Charlie was born on the evening of the 19th September 2018, following a dramatic birth; upon delivery he had to be intubated, with copious amounts of meconium removed from his little body and then placed on CPAP.

After a three-day admission on SCBU, he was transferred to the ward with further tests and examinations carried out to ensure he was safe to be discharged home.

Image shows a small baby boy who had SMARD1.Three days later, we were on our way home, proudly walking out with our baby boy. We noticed very quickly that he was feeding in a very peculiar way and that he was suffering from Colic, unlike we’d seen before in our previous children. Different bottles, various Colic syrups and a change of feed failed to have any significant impact. In the proceeding months, with many visits to the GP, formula changes, additives and more bottle changes, we weaned him onto baby food to settle down his reflux. It now became regular two hour stints each feed with Charlie suffering from severe discomfort during and after every feed.

Around five months we noticed a reduction of mobility and more milestones not being met, so after further visits to the GP and a visit to a Paediatric Consultant, it was agreed that if Charlie hadn’t seen any improvements an MRI scan would be ordered.

May 1st, 2019, I received a phone call from Sarah, Charlie’s mum, who was hysterical telling me he’d choked on a biscuit and he was receiving CPR. Later that evening we had a visit from a Dr, that informed us that Charlie’s diaphragm was paralysed on the right side, and that he’d expected to find changes when an MRI of Charlie’s brain was undertaken. This is the first time that we’d had our concerns a Cerebral palsy type of brain injury may have occurred at some point.

We were home for two nights. I took Charlie to A&E, as I suspected he had pneumonia, during an examination, Charlie got very agitated, then proceeded to have a huge desaturation to around 30% SpO2, he got agitated again then had a further desaturation to the low teens; this was unusual and he was readmitted back onto the children’s ward.

On the 24th May Charlie was transferred to hospital for examinations and an MRI, which confirmed that he had a Hypoxic-Ischemic Encephalopathy (HIE) brain injury.

Admitted onto the ward, Charlie now started having regular desaturations. Also, his reflux became a life-threatening event, Gastroesophageal Reflux, with most days having multiple of these episodes.

Charlie went to theatre for a fundoplication and a jej-peg feeding tube, to try and stop the life-threatening reflux. Charlie had a bed booked in PICU as a precaution, post op recovery, he had a big de-saturation and thus he stayed in PICU. After a week of multiple tests, Charlie was really struggling after a CT scan and had to be intubated and placed on a mechanical ventilator. Charlie had multiple trips to theatre and had an operation to plicate his diaphragm, during this operation his surgeon discovered a congenital diaghpramatic hernia! This is why Charlie used to struggle with his feeding so much, the poor boy, must have been in agony.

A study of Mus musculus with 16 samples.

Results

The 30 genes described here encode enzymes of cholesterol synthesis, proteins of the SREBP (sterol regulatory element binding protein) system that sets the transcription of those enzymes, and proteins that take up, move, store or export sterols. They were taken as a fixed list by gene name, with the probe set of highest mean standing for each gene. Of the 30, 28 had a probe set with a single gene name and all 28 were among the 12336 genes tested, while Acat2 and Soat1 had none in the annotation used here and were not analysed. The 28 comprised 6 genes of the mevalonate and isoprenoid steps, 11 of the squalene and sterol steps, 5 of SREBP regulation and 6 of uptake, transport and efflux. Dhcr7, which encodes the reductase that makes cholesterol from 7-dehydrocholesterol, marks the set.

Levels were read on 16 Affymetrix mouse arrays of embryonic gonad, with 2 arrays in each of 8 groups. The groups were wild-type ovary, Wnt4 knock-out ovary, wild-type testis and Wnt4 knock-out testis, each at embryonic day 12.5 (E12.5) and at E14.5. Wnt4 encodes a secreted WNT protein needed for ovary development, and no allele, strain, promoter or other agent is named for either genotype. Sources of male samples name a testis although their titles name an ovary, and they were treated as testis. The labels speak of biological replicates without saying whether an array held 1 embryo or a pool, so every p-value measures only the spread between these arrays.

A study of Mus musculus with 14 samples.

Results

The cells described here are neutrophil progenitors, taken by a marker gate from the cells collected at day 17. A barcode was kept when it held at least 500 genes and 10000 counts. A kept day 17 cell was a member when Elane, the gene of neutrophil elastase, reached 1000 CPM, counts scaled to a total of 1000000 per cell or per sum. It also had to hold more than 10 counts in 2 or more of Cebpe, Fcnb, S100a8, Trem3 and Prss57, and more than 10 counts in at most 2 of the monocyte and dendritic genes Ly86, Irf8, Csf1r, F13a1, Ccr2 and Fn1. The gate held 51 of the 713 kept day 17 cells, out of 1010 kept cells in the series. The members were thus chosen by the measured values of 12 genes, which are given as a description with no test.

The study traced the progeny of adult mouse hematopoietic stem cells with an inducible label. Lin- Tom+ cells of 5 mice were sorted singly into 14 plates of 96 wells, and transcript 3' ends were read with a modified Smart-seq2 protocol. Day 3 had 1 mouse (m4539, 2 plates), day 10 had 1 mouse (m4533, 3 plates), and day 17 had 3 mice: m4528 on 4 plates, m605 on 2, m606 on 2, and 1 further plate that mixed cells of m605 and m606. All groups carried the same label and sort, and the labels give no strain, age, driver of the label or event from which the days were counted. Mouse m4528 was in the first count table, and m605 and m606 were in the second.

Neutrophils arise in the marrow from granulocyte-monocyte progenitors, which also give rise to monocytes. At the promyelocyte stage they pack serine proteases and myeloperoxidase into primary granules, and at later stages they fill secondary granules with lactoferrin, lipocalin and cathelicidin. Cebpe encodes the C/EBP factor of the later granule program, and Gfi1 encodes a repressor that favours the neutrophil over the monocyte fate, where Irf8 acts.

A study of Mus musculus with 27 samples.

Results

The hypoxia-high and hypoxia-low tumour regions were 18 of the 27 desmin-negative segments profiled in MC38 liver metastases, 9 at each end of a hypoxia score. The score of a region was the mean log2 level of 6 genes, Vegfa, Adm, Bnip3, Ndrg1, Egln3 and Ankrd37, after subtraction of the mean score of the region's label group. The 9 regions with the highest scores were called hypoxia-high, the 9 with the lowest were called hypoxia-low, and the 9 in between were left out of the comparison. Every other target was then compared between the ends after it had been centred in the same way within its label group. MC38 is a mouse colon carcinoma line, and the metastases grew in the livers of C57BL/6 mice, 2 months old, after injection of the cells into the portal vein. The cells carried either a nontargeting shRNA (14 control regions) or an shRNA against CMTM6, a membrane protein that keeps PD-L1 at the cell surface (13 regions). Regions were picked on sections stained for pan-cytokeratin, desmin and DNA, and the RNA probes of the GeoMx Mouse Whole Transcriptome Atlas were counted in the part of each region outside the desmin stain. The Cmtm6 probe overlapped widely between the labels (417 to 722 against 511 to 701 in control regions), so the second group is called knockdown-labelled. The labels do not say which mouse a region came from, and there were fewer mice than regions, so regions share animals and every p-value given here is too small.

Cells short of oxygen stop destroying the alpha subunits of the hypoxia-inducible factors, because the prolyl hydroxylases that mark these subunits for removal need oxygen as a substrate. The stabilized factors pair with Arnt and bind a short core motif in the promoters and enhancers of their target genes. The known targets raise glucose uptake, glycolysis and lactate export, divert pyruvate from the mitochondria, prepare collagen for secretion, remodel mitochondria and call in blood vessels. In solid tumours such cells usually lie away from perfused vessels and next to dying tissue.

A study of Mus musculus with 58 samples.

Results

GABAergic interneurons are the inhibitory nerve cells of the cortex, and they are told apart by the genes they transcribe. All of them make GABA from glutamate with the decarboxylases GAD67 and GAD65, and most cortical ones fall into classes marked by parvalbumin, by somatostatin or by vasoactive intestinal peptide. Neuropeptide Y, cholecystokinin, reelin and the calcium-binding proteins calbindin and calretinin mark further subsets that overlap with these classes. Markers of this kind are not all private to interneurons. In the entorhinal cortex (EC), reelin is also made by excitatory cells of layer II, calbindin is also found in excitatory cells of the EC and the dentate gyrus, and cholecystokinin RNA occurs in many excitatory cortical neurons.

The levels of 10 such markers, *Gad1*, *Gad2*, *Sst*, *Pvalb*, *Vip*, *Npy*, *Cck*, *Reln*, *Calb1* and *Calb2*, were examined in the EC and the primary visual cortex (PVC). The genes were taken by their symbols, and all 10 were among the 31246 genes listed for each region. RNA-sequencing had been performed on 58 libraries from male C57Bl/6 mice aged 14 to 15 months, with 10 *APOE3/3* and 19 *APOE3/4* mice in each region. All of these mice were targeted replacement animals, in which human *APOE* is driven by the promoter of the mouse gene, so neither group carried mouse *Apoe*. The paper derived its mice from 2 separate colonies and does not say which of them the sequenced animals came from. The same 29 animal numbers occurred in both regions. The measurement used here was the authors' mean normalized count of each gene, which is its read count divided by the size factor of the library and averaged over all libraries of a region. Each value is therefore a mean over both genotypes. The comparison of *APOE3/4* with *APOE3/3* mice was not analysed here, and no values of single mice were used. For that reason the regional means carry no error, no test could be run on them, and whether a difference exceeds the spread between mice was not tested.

We found out in August that Sarah was pregnant with Thomas. After multiple failed extubations and Charlie’s pressures on his ventilator steadily increasing, concerns around ever getting off the vent were becoming apparent, following some very sudden loss of mobility after a viral infection, further Genetic testing was carried out and due to the pregnancy, this was urgent.

On November 8th I was called into the office as genetics had found something, it was SMARD1. I was told that this was progressive and ultimately fatal, usually by 13 months. Still reeling from the diagnosis, an urgent amniocentesis was ordered to check Thomas.

Following the amniocentesis, Sarah’s waters broke, at 16 weeks the prognosis was bleak. However, Thomas survived, only to be told five days later that he also had SMARD1 and given that when the waters break this early, this potentially results in significant damage to the respiratory system and other organs and would more likely be severely affected upon birth, even if the pregnancy made it through the next couple of weeks. Seeing how poorly Charlie was becoming, we made the heart breaking decision to end the pregnancy and not let Thomas suffer. Thomas was born sleeping, just under 18 weeks on the 28th November 2019 at 03:30. Around 15:00 I headed back over to the children’s hospital to be with Charlie in PICU.

Image shows a small boy who had SMARD1.Surprisingly Charlie had gained more movement in his right arm and over the next few days further improvements and a respiratory stabilisation was occurring, and thus ensuring, we possibly had a bit more time with Charlie and enable him to enjoy positive experiences, which he achieved, mainly through his excellent consultant and the magnificent Claire House Children’s Hospice.

After months of continuous life and death decisions regarding Charlie’s care and saying right through when he started to suffer the severe effects of SMARD1, we’d act appropriately. The decision to withdraw care was taken on Friday 21st February with Charlie going to Claire House Children’s Hospice to pass away peacefully. We transferred Charlie on Monday 24th the February. We managed to get Charlie into the Hydrotherapy pool Monday and a trip to the Blue planet aquarium on Tuesday to give him a few more positives and fulfilled our "Bucket list" of positive experiences for Charlie, which Claire house made possible. Charlie passed away peacefully in our arms on 25th February 2020 around 9pm.